Seven years after Amazon introduced the Kindle e-reader and disrupted the publishing industry, the online retail behemoth is looking to shake up the cutthroat and highly competitive world of smartphone manufacturers.
Amazon (NASDAQ:AMZN) is set to launch a new device at a press event in Seattle at 10:30 a.m. PDT (1:30 p.m. EDT) Wednesday. While the company has not released any information that confirms the smartphone’s existence, it is widely expected due to a series of leaks (and a poorly framed video).
Amazon published a teaser video at the beginning of June that showed a bunch of people looking at a device off screen and praising it with platitudes. However, about three quarters of the way through (at 42 seconds to be exact) a bespectacled woman says “that’s fantastic” and the top of a phone breaches the camera frame’s lower edge.
What we can see is a gray phone-sized handheld device and a reflection of a glowing screen in her glasses. While the details of the phone are still shrouded by Amazon, the video clearly shows a device that looks to be somewhere in the 4.7-inch screen range, judging by the width. It also has a matte finish, rounded corners, and the standard 3.5mm headphone jack on the top right of the phone. BGR reported earlier this spring that the phone will run on a Qualcomm Snapdragon processor and 2GB of RAM. They also released a picture of the phone, but the top of the BGR picture doesn’t match up with the phone in the video released earlier this month.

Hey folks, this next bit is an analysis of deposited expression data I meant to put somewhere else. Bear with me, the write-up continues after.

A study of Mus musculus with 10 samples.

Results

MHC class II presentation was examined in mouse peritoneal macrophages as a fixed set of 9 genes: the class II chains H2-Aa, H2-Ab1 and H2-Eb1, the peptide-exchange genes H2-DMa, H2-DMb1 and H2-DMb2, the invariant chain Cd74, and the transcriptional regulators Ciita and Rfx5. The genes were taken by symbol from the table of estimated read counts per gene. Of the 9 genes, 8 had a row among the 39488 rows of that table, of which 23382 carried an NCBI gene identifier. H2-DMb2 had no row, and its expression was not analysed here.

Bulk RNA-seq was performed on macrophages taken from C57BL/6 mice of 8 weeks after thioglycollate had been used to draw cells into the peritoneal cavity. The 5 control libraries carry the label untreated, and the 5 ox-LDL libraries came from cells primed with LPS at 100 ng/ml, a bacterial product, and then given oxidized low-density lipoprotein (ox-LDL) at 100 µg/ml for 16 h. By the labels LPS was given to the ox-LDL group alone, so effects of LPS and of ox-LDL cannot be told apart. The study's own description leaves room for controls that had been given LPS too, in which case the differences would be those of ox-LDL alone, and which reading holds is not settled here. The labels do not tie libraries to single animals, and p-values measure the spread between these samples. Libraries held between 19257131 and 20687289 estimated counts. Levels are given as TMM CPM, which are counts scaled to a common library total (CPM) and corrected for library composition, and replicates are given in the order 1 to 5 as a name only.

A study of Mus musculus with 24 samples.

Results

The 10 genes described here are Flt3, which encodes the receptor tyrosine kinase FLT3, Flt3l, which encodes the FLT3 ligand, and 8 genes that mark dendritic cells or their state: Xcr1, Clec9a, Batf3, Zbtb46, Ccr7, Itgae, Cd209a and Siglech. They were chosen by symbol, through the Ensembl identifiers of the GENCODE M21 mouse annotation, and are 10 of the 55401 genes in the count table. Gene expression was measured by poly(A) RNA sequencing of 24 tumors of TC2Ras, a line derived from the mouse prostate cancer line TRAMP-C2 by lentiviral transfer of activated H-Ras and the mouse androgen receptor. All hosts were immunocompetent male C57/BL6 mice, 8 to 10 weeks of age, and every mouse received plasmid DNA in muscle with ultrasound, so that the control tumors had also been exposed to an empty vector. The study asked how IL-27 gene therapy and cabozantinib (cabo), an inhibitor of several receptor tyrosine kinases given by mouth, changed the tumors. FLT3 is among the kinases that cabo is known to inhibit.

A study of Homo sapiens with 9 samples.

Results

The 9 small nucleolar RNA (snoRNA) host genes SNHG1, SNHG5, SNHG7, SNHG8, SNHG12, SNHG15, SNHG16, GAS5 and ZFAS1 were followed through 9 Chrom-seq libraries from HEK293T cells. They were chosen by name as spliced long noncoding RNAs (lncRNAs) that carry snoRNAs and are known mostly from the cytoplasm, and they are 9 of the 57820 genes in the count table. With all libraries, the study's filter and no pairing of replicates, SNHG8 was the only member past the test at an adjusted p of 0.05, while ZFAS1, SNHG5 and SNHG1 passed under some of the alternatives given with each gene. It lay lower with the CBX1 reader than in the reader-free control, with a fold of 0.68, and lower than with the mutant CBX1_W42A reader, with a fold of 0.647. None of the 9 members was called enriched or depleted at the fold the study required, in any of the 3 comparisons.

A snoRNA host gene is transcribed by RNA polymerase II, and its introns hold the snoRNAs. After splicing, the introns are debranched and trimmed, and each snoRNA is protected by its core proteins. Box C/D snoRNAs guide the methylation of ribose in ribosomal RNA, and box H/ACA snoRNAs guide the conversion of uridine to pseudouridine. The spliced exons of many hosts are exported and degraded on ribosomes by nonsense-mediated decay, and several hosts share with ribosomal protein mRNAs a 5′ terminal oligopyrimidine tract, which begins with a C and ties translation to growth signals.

The phone is rumored to have a 3D user interface, which both HTC and LG have tried before to little success. While HTC and LG used screen filters to obtain the third dimension, Amazon is said to obtain the 3D effect by using multiple cameras (both traditional and IR) on the phone.
The phone will also run Amazon’s own version of the Android operating system, called FireOS, which currently runs on both the Kindle Fire HD and the Amazon Fire TV. In a fashion similar to Apple (NASDAQ:AAPL), Amazon could be creating an ecosystem that aims to connect multiple devices. However, unlike Apple, Amazon’s content services come free with an Amazon Prime membership, which could be a way to encourage non-Prime members to sign up for the annual service.
Begun in 2005, Amazon Prime gives members free two-day shipping and access to Prime Instant Video and Prime Music, as well as a free ebook ever month for Kindle owners.